Thursday 16 August 2012

Ned Kelly’s Secret

Ned Kelly's Secret Ned Kelly's Secret by Sophie Masson (Scholastic Press)
PB RRP $16.99
ISBN 978-1-74283-032-2
Reviewed by Jenny Heslop

Hugo Mars has come to Australia with his father chasing stories of the gold rush until the coach they are travelling in is held up by the notorious outlaw Harry Power. Father and son then turn their attention to the stories of the area’s infamous bushrangers. The Victorian countryside is vastly different from their hometown of Paris, but it provides the adventure that Hugo craves when he befriends Maggie Kelly and her brother Ned. Hugo is swiftly caught up in the world of bushrangers.

The author has created a fantastic character in Hugo Mars. He is keen to help his father’s research and is encouraged by Mr Mars to make up his own mind about situations and people rather than follow others. He also longs to strike out on his own and does so occasionally, yet is reasonably cautious, not foolhardy.

Masson manages to make the reader see the unfolding drama through the eyes and perspective of Hugo. The scene where he meets Harry Power and is torn between admiration and dislike is particularly powerful in this respect.

The writing is evocative. In the wonderfully tense bail-up scene, Hugo describes the kookaburra’s sound as the “long drawn-out cackle of a witch mocking our pitiful plight.” The bush, small country towns and the city of Melbourne in 1875 are well drawn and full of life.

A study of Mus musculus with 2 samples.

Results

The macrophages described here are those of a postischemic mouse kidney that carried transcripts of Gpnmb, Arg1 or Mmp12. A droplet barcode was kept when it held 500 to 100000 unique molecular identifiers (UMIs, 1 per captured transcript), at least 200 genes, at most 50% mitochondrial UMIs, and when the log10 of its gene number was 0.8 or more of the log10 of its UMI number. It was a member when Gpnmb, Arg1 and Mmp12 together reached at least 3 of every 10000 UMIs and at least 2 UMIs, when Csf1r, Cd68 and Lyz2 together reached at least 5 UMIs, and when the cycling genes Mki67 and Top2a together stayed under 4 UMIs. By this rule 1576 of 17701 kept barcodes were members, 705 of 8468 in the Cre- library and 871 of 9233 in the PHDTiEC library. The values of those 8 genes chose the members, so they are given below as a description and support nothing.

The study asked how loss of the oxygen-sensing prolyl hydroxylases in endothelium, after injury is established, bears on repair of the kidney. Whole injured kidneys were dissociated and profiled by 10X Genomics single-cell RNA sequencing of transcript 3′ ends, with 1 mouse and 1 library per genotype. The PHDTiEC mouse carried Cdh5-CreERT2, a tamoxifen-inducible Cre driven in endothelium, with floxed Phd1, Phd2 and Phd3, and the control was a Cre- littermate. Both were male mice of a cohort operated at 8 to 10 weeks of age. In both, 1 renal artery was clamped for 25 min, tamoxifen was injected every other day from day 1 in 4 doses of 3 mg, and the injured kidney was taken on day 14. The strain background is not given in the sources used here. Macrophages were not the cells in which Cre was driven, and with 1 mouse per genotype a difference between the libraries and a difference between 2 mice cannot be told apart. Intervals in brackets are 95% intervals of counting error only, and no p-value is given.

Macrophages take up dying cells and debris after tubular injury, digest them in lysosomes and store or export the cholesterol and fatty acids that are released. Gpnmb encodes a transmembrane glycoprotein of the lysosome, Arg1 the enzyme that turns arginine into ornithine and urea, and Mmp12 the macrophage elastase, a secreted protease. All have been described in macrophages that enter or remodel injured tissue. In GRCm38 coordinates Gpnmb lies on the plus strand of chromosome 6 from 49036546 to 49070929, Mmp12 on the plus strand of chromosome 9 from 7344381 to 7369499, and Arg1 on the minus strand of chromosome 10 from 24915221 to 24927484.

Hugo Mars and his father are fictional, but most of the other characters are based on real people from history. Ned Kelly and his family, Harry Power, Jules Verne (Mr Mars’ friend in Paris), even the smaller characters such as the squatter Robert MacBean, the policemen and the Beechworth lawyer Mr Zincke have historical origins.

It is well researched and holds the excitement, suspense and drama of a great bushranging tale. Ned Kelly is not painted as evil, nor particularly good, and the openness of right and wrong works really well in this telling of Ned’s boyhood years.

This book would suit boys or girls from the age of twelve, and I think boys in particular will connect with the brave and adventurous Hugo Mars.

This is a thoroughly enjoyable, exciting and informative story about an era of Australian history.

Sophie Masson has written many books for children including three in the My Australian Story Series. The Hunt for Ned Kelly (My Australian Story) won the Patricia Wrightson Prize for children’s fiction in the NSW Premier’s Literary Awards, 2011.